How to write better dialogue

Updated: Aug 1, 2018



Dialogue is like human speech, but focused

A great place to start when becoming a master of dialogue is to transcribe a real conversation between real people. You'll see that people stutter, say "um" and "like", they repeat themselves, interrupt each other or jump from one subject to the next.


This would be profoundly uninteresting to read in a book. Thus, dialogue in a book resembles human speech, but it is focused, cutting out all the flab — the small talk, the unnecessary words, the repetition.


The purpose of dialogue

The purpose of dialogue falls in this order:

  1. To reveal more about a character's personality.

  2. To reveal information about the plot.

  3. To advance the themes.

First and foremost, dialogue is about character — because without characters, we wouldn't have any dialogue! If you're using dialogue to simply convey information, chances are, it is going to be boring to read — sometimes, this is a necessary evil, so when you do, make sure we're learning more about the character in how they convey this information.



Dialogue is more than just talking

What's more interesting, to read about a discussion, or to read an argument? Give your characters the strongest possible playing field.

  • instead of discussing, have your characters argue

  • instead of talking, have your characters persuade

  • instead of informing, have your characters gossip

  • instead of chatting, have your character confessing or admitting.

Also, remember that characters are usually doing something while they talk, whether it is:

  • drinking coffee

  • watching a football game

  • trying on clothes

  • writing a note

  • or simply fidgeting.


Build characters through dialogue

The way your character speaks is of upmost importance — we can discern a lot just by how someone speaks. We can understand characters better through:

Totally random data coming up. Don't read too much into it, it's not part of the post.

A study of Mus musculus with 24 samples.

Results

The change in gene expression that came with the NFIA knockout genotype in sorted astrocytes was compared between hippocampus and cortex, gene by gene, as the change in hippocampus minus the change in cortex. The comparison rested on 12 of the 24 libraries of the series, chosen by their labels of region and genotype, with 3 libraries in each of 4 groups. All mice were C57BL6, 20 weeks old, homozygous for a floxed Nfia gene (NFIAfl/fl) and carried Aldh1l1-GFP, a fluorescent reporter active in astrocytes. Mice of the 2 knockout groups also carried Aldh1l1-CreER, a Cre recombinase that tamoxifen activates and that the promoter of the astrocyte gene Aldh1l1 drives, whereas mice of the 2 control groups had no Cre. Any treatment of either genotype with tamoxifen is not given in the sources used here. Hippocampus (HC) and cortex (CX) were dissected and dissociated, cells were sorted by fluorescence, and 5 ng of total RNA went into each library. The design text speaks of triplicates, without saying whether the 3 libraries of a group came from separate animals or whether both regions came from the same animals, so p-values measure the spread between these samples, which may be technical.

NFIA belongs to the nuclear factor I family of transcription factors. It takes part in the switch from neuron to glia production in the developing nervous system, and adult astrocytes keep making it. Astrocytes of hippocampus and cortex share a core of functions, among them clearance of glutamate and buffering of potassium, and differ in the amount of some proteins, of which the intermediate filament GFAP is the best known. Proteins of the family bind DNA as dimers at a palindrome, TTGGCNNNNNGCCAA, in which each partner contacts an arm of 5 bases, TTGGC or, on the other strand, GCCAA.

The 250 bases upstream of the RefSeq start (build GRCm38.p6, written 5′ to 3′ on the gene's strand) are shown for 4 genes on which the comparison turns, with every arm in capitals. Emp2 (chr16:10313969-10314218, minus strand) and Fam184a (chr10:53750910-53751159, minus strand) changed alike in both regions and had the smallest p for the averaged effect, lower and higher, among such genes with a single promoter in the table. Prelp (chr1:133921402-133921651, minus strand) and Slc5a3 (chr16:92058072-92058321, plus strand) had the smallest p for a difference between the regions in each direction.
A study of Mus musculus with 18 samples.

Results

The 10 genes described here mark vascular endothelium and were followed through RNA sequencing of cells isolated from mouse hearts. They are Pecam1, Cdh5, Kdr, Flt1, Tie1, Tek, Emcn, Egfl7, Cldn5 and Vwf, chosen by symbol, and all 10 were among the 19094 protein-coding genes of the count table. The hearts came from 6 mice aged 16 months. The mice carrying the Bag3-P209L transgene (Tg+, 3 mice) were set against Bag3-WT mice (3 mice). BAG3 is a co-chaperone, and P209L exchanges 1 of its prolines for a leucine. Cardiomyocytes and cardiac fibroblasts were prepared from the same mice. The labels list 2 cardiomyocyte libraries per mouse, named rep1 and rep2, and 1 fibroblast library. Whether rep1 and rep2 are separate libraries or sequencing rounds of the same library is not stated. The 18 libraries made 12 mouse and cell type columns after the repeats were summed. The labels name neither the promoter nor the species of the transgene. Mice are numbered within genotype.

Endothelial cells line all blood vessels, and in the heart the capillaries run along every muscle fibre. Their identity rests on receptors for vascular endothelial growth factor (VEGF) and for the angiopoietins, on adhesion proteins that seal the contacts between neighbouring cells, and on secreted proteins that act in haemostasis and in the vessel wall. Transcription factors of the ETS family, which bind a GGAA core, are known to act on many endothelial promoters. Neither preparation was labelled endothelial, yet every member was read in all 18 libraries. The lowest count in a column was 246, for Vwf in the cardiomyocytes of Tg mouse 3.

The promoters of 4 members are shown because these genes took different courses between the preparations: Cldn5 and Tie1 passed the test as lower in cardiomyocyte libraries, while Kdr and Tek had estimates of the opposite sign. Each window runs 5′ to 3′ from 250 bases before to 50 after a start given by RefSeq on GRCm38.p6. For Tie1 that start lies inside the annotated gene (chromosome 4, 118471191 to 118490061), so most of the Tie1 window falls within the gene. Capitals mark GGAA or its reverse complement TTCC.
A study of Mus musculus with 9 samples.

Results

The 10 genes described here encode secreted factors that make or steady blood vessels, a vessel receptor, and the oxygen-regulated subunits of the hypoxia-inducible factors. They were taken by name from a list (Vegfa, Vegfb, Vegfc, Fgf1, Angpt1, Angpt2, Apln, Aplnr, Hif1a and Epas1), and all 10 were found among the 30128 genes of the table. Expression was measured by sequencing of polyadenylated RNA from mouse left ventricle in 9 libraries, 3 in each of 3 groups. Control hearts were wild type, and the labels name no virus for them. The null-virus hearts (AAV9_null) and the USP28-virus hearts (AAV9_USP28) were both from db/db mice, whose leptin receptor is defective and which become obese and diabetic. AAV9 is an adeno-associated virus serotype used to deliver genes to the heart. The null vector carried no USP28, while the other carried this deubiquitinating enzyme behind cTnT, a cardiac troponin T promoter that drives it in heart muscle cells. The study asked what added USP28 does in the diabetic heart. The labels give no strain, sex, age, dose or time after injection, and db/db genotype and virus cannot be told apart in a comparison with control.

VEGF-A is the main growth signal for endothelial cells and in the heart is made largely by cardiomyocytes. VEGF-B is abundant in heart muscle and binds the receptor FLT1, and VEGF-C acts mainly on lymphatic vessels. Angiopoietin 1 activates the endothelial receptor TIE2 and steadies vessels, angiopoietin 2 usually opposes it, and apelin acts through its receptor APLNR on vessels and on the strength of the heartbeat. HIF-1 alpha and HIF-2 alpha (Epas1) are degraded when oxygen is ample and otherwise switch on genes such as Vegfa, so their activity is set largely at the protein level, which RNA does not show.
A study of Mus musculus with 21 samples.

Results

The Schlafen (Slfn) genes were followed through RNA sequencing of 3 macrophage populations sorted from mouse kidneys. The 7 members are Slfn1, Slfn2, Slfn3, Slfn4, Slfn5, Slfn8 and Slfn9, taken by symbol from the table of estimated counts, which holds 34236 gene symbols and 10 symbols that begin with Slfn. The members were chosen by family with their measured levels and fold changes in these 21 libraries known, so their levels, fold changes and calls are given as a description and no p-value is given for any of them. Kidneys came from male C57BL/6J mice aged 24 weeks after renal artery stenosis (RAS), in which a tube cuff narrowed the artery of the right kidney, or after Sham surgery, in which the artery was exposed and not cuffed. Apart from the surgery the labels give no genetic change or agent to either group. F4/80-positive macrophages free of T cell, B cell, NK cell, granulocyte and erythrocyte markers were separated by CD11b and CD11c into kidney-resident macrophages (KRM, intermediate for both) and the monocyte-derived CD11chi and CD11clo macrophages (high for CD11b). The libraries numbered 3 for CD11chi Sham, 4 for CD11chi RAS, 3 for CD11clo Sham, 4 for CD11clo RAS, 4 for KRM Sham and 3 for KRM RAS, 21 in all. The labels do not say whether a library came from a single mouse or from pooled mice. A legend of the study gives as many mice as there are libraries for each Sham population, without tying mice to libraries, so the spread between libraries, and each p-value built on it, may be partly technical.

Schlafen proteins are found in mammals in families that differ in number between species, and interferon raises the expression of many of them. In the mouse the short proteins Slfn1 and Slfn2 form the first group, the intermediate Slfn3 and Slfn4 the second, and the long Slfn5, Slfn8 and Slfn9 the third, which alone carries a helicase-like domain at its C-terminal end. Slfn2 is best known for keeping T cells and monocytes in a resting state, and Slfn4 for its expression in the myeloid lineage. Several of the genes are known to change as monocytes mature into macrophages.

• their choice of words (do they swear? do they use fancy words or simple words? do they use colloquialisms?)

  • the grammar and sentence structure (do they speak in complete, grammatically correct sentences? do they skip words or use words in the wrong place?)

  • how much they say (do they blabber or do they use one word sentences?)

  • how they speak (do they brag? crack jokes? insult others? encourage others?)

Have your characters each speak in such a unique way that you don't need to put a dialogue tag ("Jane said") at the end of each line — people should be able to tell who is speaking simply by their manner of speech.


What you put around the dialogue counts

Here are some general tips:

  • you don't need a "he said" or "she said" after every line

  • decide when action is better than words (sometimes it may be better for a character to simply "nod stoically" than to say "yes")

  • add adjectives (instead of "Jane said", try "Jane argued", or "Jane persuaded", or "Jane yelled")

  • choose how they respond (what a character thinks someone said is often more important than what the character actually says. Additionally, people don't always directly respond to questions, sometimes they ignore a question, answer another question or change the subject).


Give them something interesting to say

First, think about the most interesting topic to talk about, then think about who the most interesting person is to say it. Think about who has the biggest stake, or the strongest opinion on an issue, and let that character speak.

“When characters have different goals and are intent on achieving them, conflict results. If the stakes are high and both sides are unyielding, you have the makings of high drama.” – James N. Frey

An example of dialogue done right

Before Example

Patricia grinned. "Jane broke up with Greg two months ago; he's now single."

"Single, really?" Danielle asked.


Now, applying what we've talked about:

Patricia lowered her chin, her voice an excited whisper. "I heard from my dressmaker that Jane broke with Greg two whole months ago — called off the engagement without a reason!" A solemn expression rested on her face, but her eyes remained alight. "Greg is single. Ripe for anyone's taking."

Danielle clenched her hands, trying to stop them from shaking. "Single, really?"


The second example is much better. Not only do we find out the important information (Greg is single), we're also learning more about Patricia — that she's a gossip, loves drama and sees Greg as an prize object to possess.

About Me

I love everything about books: reading, reviewing, analysing, and writing. I also love adventures.